Minimum unit pricing of alcohol: analysis of consultation responses

Published: 26 Feb 2018

Analysis of responses to a consultation on the Scottish Government's plans to introduce minimum unit pricing for alcohol on 1 May 2018.

11 page PDF

218.6 kB

11 page PDF

218.6 kB

Contents
Minimum unit pricing of alcohol: analysis of consultation responses
1. Executive summary

11 page PDF

218.6 kB

1. Executive summary

The purpose of this report is to provide a summary to the analysis of the responses to the Scottish Government's consultation ( https://consult.gov.scot/alcohol-policy/minimum-unit-pricing/) on the preferred minimum unit price of 50 pence per unit of alcohol. The reasons for introducing a minimum unit price of 50 pence are set out in the consultation document.

A total of 130 responses were received – 66 from organisations and 64 from individuals. Of the 130 responses, 70 (53.8%) commented on the Scottish Government's preferred minimum unit price of 50 pence. Of these 70, 48 were responses from organisations and 22 were from individuals.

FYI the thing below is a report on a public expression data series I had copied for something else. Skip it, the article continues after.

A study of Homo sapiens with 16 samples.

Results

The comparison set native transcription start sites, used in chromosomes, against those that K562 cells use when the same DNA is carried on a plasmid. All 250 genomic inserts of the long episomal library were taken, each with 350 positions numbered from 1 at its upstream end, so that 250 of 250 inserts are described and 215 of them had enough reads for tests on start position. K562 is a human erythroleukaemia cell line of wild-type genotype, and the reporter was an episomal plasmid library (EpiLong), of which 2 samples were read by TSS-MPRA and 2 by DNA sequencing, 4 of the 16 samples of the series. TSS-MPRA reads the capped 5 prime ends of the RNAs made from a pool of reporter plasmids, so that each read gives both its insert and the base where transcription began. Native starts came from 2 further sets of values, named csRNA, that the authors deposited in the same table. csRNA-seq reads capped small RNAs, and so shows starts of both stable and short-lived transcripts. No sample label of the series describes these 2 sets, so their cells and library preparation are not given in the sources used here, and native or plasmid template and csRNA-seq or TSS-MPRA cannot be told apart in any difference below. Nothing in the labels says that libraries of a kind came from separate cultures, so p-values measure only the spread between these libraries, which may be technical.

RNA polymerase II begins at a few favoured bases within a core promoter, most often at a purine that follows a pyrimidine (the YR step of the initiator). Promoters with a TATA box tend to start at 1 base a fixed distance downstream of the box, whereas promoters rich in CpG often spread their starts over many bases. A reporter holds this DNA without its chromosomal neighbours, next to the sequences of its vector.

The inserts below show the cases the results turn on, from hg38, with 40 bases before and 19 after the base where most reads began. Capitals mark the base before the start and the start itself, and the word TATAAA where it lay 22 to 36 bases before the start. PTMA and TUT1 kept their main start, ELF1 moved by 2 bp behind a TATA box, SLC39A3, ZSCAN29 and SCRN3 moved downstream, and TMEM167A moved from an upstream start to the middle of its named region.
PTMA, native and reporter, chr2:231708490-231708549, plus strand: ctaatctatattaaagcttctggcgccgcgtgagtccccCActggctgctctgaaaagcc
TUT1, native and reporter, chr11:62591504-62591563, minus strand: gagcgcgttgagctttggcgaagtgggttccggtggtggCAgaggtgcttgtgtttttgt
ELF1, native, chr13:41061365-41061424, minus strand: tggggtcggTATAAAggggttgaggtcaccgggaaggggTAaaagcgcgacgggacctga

• 52 (74.3%) of the respondents who commented on the proposed price of 50 pence per unit were supportive of this price.
  • 12 (17.1%) of the respondents who commented on the proposed price of 50 pence per unit stated that the minimum unit price should be higher than 50 pence per unit.
  • Four (5.7%) of the respondents who commented on the proposed price of 50 pence per unit stated that the minimum unit price should be lower than 50 pence per unit.
  • Two (2.9%) commented on the price but were not explicit about whether or not they support the proposed price of 50 pence per unit.

Analysing the above, 64 (91.4%) of respondents who comment on the proposed price are either in favour of a 50 pence per unit price or a higher minimum unit price.

Of the 70 respondents who commented on the proposed price, 30 (42.9%) mentioned how the minimum unit price might be altered in the future. Of these 30, 21 (70.0%) wanted the proposed 50 pence minimum unit price to be reviewed after a period of time and then altered in relation to specific economic indices such as inflation. Conversely, nine of the 30 respondents (30.0%) stated that the proposed price of 50 pence per unit should remain for the full five year period.

The remainder of the responses did not comment on the proposed price specifically but instead provided comment on the principle of minimum unit pricing. The main themes emerging from these are provided within the report.